Sometimes you need to  break the rules. Henri Cartier-Bresson was a legendary rule-breaker, and his discordance with photography’s stymied role in culture changed the medium forever. His book The Decisive Moment, recently republished by Steidl, was groundbreaking when it was released in 1952 and still inspires photographers everywhere.

“The difference between a good picture and a mediocre picture is a question of millimeters—small, small differences—but it’s essential,” Cartier-Bresson said in a 1971 interview.

His book was filled with examples of that crucial moment, juxtaposed with delicate geometry and a deep sense of humanity. It was produced, start to finish, in just under six months in New York and France under the title Images à la Sauvette.

Famously quoted for dismissing magazines and newspapers as impermanent throwaways to wrap food scraps in, Cartier-Bresson was most interested in work that was simple and candid.The Decisive Moment  firmly established Cartier-Bresson as a visionary thinker who saw photography outside galleries and well beyond the daily papers.

The original edition was limited to some 10,000 copies. This was at a time when books were still largely reserved for literature and classical arts. The Decisive Moment was unconventional on every level—the cover by Henri Matisse, Cartier-Bresson’s personal introduction, and richly textured photogravure prints— and hailed as an achievement not only for Cartier-Bresson, but for photography as an art form.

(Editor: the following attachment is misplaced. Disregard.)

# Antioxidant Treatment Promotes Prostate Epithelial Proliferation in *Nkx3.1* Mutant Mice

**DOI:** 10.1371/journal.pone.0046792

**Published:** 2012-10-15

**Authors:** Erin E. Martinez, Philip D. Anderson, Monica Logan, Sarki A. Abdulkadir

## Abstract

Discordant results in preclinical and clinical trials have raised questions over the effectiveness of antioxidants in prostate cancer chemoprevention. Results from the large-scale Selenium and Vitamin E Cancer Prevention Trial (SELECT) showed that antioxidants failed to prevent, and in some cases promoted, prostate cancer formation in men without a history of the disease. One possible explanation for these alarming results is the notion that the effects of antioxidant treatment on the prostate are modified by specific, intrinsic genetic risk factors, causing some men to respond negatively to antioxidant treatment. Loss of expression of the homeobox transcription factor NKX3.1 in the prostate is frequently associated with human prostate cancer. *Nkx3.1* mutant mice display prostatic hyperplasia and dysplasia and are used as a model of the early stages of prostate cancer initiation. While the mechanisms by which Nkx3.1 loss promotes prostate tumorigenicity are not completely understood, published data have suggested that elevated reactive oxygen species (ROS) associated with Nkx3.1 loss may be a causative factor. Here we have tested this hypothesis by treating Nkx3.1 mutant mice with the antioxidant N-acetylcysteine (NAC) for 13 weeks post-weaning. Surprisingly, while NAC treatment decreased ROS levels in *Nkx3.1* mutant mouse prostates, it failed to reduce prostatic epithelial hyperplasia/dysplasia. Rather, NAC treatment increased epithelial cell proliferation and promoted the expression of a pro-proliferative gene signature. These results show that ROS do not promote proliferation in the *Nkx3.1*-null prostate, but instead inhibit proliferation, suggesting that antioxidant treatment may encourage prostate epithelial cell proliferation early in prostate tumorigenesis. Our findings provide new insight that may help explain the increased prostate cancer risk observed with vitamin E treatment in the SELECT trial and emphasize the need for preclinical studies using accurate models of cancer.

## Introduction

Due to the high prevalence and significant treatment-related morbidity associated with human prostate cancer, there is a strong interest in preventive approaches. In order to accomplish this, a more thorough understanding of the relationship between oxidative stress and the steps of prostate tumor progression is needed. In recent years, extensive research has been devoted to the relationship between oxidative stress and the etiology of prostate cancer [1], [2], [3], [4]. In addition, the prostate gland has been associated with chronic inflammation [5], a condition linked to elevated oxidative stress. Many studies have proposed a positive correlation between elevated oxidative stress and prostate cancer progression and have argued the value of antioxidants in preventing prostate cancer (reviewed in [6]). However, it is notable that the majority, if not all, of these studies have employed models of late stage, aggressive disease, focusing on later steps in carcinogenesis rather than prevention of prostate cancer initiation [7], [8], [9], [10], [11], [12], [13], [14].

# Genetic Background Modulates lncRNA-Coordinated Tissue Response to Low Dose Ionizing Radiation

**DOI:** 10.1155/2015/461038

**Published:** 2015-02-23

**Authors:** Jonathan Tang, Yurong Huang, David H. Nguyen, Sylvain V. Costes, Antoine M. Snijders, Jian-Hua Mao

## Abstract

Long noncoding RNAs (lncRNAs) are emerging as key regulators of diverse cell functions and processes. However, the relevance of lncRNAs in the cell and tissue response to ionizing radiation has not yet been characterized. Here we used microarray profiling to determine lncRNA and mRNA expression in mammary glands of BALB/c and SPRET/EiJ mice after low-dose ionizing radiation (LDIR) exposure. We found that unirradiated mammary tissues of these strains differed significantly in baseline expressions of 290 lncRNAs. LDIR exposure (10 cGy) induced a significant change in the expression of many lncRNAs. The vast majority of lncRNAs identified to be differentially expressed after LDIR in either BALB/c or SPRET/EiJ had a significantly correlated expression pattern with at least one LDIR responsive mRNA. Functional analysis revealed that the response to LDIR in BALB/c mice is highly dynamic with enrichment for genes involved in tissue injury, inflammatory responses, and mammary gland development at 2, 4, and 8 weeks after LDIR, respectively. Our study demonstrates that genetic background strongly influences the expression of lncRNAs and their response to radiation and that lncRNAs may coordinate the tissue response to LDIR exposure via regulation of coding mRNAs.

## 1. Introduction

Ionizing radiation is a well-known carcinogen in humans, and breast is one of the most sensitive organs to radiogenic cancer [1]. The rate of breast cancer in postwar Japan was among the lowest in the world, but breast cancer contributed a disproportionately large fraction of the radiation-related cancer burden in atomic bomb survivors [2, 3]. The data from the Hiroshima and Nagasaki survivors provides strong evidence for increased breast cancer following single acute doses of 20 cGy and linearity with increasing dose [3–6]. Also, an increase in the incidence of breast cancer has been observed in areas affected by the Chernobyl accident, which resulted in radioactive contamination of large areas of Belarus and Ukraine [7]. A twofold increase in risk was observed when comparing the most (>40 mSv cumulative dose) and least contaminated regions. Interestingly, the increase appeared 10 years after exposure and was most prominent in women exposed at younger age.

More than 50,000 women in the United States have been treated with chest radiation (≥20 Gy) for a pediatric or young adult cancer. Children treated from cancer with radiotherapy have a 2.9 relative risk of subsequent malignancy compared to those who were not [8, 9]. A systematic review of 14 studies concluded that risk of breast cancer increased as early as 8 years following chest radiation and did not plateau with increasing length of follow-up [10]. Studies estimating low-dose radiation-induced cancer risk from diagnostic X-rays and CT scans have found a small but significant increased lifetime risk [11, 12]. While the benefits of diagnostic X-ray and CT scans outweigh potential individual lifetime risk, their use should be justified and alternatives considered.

The book was a treasure for those lucky enough to have purchased one of the original 7,000 copies sold in America in 1952 for $12.50—about $110 today. Its incredible rarity, coupled with Cartier-Bresson’s status as a pioneering photographer, artist and thinker, pushed The Decisive Moment into legend-status perhaps far sooner than most books. But after more than 60 years of feverish searching and relentless fawning by photophiles and image-makers alike, Steidl took on the task of publishing a long awaited second edition, released last fall.

Diligently reproduced to the finest detail, Steidl seems to have resisted the urge to over embellish the new edition with unnecessary addendums. Cartier-Bresson likely would have dismissed an elaborate reconstruction of his book as crass and egregious. The Decisive Moment is about the aesthetics of coincidence, and the faith to follow intuition. Like every brilliant unexpected moment, things can never be truly recreated, but only faithfully retold.